The shelving unit is in service! I ended up using 1/2” plywood all around instead of vertical 2×4’s. I also decided not to depend on the garage walls for primary support, so it can be moved if desired, though I did screw it to a plywood strip that was pre-mounted on the wall. Even though the unit is strong enough on its own, that simple action added a ton of rigidity. Here’s what it looks like, all full of hastily loaded junk, but keep in mind the paint is actually gray (bad lighting for photos!):
I had to build around the concrete ledge along the bottom of the garage wall in order to maximize storage space. The unit is just a hair over eight feet tall, placing the top about 10 inches below the ceiling. I also intentionally set the unit away from the side wall, leaving just enough room to hide my stepladder in the “pocket” on the end:
The doors/face aren’t done yet, but these shots give a little better look at the overall structure:
I moved the bottom shelf up enough to clear the aforementioned concrete ledge (maximizing the size of the shelf), which left enough room to “coax” my furniture movers underneath. I don’t mind leaving those on the concrete floor, though I’m sure I will regret that decision when the spiders find them. Speaking of concrete, I didn’t want to leave exposed plywood edges directly on the floor, so I mounted 2×4 rails on the bottom. I did this by shimming the unit off the ground, making sure the front was slightly higher than the back (to account for the garage floor slope), placing the rails directly on the floor, and screwing the pieces together.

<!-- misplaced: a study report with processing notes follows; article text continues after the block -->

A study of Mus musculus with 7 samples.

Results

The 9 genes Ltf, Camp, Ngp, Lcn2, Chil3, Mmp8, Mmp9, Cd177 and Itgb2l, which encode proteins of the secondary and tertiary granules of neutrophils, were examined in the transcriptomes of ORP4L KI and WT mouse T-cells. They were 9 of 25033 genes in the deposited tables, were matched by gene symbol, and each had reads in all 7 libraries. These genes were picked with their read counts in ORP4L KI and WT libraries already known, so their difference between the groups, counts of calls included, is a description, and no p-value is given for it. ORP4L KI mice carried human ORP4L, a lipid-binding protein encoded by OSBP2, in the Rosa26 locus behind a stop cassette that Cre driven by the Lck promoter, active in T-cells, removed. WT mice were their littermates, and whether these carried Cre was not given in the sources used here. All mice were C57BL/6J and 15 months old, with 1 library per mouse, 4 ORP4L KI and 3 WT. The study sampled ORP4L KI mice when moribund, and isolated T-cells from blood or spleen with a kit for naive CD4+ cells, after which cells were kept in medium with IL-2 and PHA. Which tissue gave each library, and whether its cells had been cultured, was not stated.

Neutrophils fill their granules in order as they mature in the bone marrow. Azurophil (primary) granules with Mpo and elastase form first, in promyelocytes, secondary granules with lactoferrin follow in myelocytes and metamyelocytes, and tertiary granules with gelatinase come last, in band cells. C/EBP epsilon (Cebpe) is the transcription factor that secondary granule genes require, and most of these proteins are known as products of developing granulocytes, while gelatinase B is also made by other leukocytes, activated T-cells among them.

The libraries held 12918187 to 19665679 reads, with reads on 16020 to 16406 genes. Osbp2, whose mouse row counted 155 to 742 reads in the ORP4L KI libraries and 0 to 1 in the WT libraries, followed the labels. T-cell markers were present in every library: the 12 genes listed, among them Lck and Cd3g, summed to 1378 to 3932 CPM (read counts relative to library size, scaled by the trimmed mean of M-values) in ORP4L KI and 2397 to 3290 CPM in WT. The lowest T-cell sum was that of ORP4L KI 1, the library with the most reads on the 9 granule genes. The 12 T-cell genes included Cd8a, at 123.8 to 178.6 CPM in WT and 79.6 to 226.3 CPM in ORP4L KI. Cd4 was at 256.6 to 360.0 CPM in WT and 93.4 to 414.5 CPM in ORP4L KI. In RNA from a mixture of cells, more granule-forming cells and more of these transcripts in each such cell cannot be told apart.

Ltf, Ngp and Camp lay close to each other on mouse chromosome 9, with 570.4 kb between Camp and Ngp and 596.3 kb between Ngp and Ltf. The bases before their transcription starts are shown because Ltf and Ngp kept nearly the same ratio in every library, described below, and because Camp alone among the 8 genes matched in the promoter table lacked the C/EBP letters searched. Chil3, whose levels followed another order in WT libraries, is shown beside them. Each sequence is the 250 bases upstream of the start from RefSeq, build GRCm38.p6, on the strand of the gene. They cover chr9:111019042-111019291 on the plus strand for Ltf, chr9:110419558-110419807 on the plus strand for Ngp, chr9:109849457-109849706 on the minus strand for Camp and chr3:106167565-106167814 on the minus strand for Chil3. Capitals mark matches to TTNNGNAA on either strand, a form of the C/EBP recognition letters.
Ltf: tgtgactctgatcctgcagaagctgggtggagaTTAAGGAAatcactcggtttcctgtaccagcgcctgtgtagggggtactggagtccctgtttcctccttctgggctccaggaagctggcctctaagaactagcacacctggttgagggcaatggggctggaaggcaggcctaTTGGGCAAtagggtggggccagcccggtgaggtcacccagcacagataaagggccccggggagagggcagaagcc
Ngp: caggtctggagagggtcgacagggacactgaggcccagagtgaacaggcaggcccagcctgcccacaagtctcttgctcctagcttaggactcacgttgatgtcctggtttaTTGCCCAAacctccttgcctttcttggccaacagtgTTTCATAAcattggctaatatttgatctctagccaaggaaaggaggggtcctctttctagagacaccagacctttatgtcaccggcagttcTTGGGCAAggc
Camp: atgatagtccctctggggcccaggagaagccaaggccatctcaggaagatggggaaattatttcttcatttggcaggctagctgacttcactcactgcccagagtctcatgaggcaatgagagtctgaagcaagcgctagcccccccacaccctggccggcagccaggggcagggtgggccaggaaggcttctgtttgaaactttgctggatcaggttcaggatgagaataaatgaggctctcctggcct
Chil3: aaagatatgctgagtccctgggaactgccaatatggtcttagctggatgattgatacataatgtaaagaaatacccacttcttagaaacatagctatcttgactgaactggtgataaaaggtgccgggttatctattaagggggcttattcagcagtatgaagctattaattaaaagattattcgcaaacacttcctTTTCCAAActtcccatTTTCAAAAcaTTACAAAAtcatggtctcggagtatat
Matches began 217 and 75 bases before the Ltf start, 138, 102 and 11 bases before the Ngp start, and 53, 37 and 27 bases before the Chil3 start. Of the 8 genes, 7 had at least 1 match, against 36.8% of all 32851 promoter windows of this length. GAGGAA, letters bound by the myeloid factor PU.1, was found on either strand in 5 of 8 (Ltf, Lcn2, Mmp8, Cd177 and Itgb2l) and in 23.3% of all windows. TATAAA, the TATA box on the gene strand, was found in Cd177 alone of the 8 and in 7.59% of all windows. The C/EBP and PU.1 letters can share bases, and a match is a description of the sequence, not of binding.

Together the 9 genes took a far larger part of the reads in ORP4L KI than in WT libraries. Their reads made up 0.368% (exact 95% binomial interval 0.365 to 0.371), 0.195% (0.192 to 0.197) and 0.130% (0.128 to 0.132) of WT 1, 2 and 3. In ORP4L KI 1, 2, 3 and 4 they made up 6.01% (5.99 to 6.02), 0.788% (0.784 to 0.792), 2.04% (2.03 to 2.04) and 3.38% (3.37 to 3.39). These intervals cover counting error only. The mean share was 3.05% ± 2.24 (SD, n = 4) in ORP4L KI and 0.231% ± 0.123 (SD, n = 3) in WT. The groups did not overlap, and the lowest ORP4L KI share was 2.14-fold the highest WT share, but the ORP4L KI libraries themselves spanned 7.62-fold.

All four shelves are fully supported by 2×4’s all the way around. Overkill, perhaps, but this helps with overall strength/stability as well. These shelf supports are attached to the plywood frame with simple screws. The screw heads are fully countersunk and filled in with wood putty, so they aren’t visible unless you really look for them. The plywood sides are connected by biscuit-reinforced butt joints—my first time using a biscuit jointer. Attaching the second side panel was a royal pain due to some curvature in the plywood, made worse by a relative lack of long clamps, but it’s done and holding. For the moment. :-)
My next task is reclaiming some oh-so-precious wall space by getting the extension ladder off the wall and onto the ceiling. I got started on that but ran into a couple of snags, so I will post about it at a later time.
-- "How can I be lost if I've got nowhere to go?"